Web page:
Finding Deeper Meaning: The Tale of Scrotie McBoogerballs

Last week’s episode of South Park, entitled “The Tale of Scrotie McBoogerballs”, while outrageous and hysterical as usual, got me thinking about metaphors and finding deeper meaning in books. 

The boys were assigned to read The Catcher in the Rye in class and were told beforehand that it had offensive material that had gotten it banned from schools across the country.  Naturally that piques their interest and they race through the pages, waiting for the alleged offensive parts (aka the good stuff) which never come.  Incensed that they’d been tricked into reading an entire book and baffled as to why it was considered offensive, they decide to write their own book.  One that would be so outrageously offensive that it would be banned in a heartbeat. 

So they set out to write The Tale of Scrotie McBoogerballs - the most disgusting, revolting, twisted, and generally effed up piece of writing ever created.  Their parents get their hands on the manuscript and despite only being able to get through a few words at a time before projectile vomiting, they think it’s brilliant and the book is quickly published and sells millions of copies. 

The best part was how everyone interpreted the book and sought some deep meaning out of all the gratuitous vulgarity and obscenities.  It’s pro-life!  No, it’s clearly pro-choice!  It draws attention to the plight of the lower class (represented by Sarah Jessica Parker)!  Meanwhile, the boys are shocked and appalled that not only was their trashy book not banned like they’d intended, it’s being lauded as a masterpiece and the work of a genius (and since they were quick to blame Butters for writing the book to avoid getting into trouble, they’re getting none of the credit).  They go on a campaign against the book, trying – and failing miserably – to make people realize that there is no deep meaning behind the disgusting words.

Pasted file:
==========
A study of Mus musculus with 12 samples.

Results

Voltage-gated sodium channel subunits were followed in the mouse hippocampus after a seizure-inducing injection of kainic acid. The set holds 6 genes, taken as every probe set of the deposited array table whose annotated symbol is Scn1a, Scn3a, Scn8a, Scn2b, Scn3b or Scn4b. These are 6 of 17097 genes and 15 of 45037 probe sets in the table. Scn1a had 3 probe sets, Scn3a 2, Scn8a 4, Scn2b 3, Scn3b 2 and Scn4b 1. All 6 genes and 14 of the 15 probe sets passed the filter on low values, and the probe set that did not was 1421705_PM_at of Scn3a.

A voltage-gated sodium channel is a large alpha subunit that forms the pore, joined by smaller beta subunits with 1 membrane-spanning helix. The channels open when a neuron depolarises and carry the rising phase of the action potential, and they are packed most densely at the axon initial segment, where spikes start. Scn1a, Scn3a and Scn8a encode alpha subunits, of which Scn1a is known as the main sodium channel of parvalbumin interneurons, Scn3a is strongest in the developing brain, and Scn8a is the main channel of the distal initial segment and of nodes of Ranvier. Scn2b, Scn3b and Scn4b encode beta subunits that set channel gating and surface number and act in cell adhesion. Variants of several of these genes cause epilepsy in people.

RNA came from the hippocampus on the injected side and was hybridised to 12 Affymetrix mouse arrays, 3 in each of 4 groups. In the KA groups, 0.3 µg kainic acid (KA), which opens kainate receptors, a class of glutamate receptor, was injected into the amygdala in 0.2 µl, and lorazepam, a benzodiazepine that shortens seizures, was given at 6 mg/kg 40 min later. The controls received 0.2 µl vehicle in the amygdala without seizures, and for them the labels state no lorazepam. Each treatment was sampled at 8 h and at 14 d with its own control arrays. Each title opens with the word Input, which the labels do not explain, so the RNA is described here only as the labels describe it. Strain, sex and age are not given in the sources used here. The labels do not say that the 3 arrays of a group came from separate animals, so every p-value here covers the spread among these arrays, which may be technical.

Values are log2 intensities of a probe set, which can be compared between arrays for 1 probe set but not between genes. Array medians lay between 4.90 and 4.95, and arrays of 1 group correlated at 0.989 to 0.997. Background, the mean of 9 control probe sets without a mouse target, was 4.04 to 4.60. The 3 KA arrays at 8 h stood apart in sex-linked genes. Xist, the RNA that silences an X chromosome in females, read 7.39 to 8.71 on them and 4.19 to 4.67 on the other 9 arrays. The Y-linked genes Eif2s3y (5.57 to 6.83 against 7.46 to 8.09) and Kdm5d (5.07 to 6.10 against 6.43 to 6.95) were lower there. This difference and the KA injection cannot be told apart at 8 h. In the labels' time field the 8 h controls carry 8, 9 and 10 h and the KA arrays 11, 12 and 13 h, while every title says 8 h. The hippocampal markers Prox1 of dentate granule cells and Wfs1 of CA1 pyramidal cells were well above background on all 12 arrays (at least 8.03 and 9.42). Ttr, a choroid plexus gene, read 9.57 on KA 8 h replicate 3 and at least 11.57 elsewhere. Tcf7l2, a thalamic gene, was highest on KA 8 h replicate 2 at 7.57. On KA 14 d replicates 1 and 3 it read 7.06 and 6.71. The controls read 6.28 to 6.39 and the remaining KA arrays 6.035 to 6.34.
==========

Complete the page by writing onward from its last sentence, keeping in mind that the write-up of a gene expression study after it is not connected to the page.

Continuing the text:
People will see what they want to see I guess. 

The episode was hilarious and it made me think about my reading habits.  I realized that I don’t tend to look for hidden themes or messages when I read.  Unless the entire book is a glaringly obvious metaphor, like Animal Farm, I generally don’t think about what certain characters represent or whether different events address any political ideologies or global themes like war and poverty.  I tend to call a spade a spade.  When I read it’s more about connecting to the characters and their stories emotionally.

Am I missing out by overlooking big-picture themes and sweeping metaphors?  Maybe.  But I’m also willing to bet that nine times out of ten the messages and themes a reader picks up were totally unintended by the author. 

What kind of reader are you?  Do you look for deeper meaning in the pages?  

Did you catch the episode of South Park?  If not, watch it here (warning: uncensored)!


  1. Marc Said:

    I recall one episode of a certain Dick Wolf television production in which an artist who was forging the works of the masters claimed that her copy was completely different from the original because of the context (one was painted at the turn of the industrial revolution by a man, the other at the turn of some other such thing by a woman).

    Unless you take pleasure in reading your own situation and experience into someone else’s work, I don’t see a point.

    • Jamye Said:

      Ahhh…the wisdom of Law and Order: CI

  2. John Soares Said:

    When reading or watching movies, I like to suspend disbelief and just get into the story.

    And if a metaphor doesn’t work, I’m yanked out of the story and into editor mode.

    Now for an ad hominem attack.

    Scrotie McBoogerballs???

    Instead of South Park, I think you should be watching a show that reflects elegant taste and our advanced culture. I of course refer to Family Guy.

    • Jamye Said:

      I heartily agree. And not to worry, I’m a die hard Family Guy fan. Even saw the live show a couple months ago where the cast did a live reading of an unaired episode and sang some tunes from the show. A good time was had by all!

      • John Soares Said:

        That must have been fun.

        I also like South Park, but Family Guy is number one and captures nearly all the free time I have to watch such things.